How the World Became a Corporation and How to Take It Back
This fascinating journey, from the late Middle Ages to today, reveals the roots of our debacle. From the founding of the first chartered monopoly to the branding of the self; from the invention of central currency to the privatization of banking; from the birth of the modern, self-interested individual to his exploitation through the false ideal of the single-family home; from the Victorian Great Exhibition to the solipsism of MySpace–the corporation has infiltrated all aspects of our daily lives. Life Inc. Exposes why we see our homes as investments rather than places to live, our 401(k) plans as the ultimate measure of success, and the Internet as just another place to do business.
Most of all, Life Inc. Shows how the current financial crisis is actually an opportunity to reverse this six-hundred-year-old trend and to begin to create, invest, and transact directly rather than outsource all this activity to institutions that exist solely for their own sakes.
Corporatism didn’t evolve naturally. The landscape on which we are living–the operating system on which we are now running our social software–was invented by people, sold to us as a better way of life, supported by myths, and ultimately allowed to develop into a self-sustaining reality. It is a map that has replaced the territory.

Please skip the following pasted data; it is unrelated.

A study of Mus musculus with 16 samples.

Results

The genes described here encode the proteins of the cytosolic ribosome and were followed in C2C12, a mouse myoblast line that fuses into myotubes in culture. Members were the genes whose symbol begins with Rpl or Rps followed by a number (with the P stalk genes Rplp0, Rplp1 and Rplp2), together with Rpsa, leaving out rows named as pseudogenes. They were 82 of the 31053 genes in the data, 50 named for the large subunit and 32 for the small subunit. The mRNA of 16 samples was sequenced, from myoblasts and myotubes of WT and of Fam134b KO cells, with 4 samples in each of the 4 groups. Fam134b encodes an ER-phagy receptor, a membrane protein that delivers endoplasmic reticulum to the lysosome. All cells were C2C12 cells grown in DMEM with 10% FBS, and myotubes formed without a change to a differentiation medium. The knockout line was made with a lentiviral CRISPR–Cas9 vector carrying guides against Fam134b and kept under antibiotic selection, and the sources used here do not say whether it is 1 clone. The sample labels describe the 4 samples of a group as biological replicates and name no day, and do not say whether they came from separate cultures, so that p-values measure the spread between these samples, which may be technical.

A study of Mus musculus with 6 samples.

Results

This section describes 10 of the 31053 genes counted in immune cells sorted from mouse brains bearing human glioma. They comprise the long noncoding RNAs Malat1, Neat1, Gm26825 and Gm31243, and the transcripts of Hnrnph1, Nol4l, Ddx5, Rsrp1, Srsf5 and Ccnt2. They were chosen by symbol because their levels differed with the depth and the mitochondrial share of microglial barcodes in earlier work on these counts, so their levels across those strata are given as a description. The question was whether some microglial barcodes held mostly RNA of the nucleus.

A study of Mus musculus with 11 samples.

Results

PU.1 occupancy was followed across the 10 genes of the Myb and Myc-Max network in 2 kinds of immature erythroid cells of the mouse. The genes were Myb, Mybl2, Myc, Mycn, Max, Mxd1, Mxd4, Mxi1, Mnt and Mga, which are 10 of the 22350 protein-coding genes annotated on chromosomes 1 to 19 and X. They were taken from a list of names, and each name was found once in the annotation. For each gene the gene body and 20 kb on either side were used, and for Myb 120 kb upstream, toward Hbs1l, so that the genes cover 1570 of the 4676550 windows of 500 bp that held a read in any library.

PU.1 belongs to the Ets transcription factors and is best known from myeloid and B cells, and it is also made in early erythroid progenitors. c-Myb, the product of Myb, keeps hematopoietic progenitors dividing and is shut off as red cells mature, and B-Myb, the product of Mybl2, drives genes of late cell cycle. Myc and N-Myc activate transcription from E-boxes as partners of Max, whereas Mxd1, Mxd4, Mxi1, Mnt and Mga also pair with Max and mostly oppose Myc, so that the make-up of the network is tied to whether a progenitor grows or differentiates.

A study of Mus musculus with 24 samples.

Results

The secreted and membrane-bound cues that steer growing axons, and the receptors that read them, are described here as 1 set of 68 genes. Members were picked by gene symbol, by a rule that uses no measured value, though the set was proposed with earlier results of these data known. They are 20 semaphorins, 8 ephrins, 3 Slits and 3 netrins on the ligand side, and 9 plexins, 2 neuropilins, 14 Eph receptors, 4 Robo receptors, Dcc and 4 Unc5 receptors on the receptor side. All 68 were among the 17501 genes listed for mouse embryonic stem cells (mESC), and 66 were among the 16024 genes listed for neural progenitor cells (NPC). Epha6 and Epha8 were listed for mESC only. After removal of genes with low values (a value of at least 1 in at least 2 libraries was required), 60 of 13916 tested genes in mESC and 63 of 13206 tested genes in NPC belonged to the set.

Rushkoff illuminates both how we’ve become disconnected from our world and how we can reconnect to our towns, to the value we can create, and, mostly, to one another. As the speculative economy collapses under ist own weight, Life Inc. Shows us how to build a real and human-scaled society to take ist place.
dieses Buch erwähnt ...
KB IB clear
|Gesellschaftsociety, Internetinternet, social softwaresocial software, Unternehmencompany|
Beat und dieses Buch
Beat hat dieses Buch während seiner Zeit am Institut für Medien und Schule (IMS) ins Biblionetz aufgenommen. Beat besitzt weder ein physisches noch ein digitales Exemplar. Aufgrund der wenigen Einträge im Biblionetz scheint er es nicht wirklich gelesen zu haben. Es gibt bisher auch nur wenige Objekte im Biblionetz, die dieses Werk zitieren.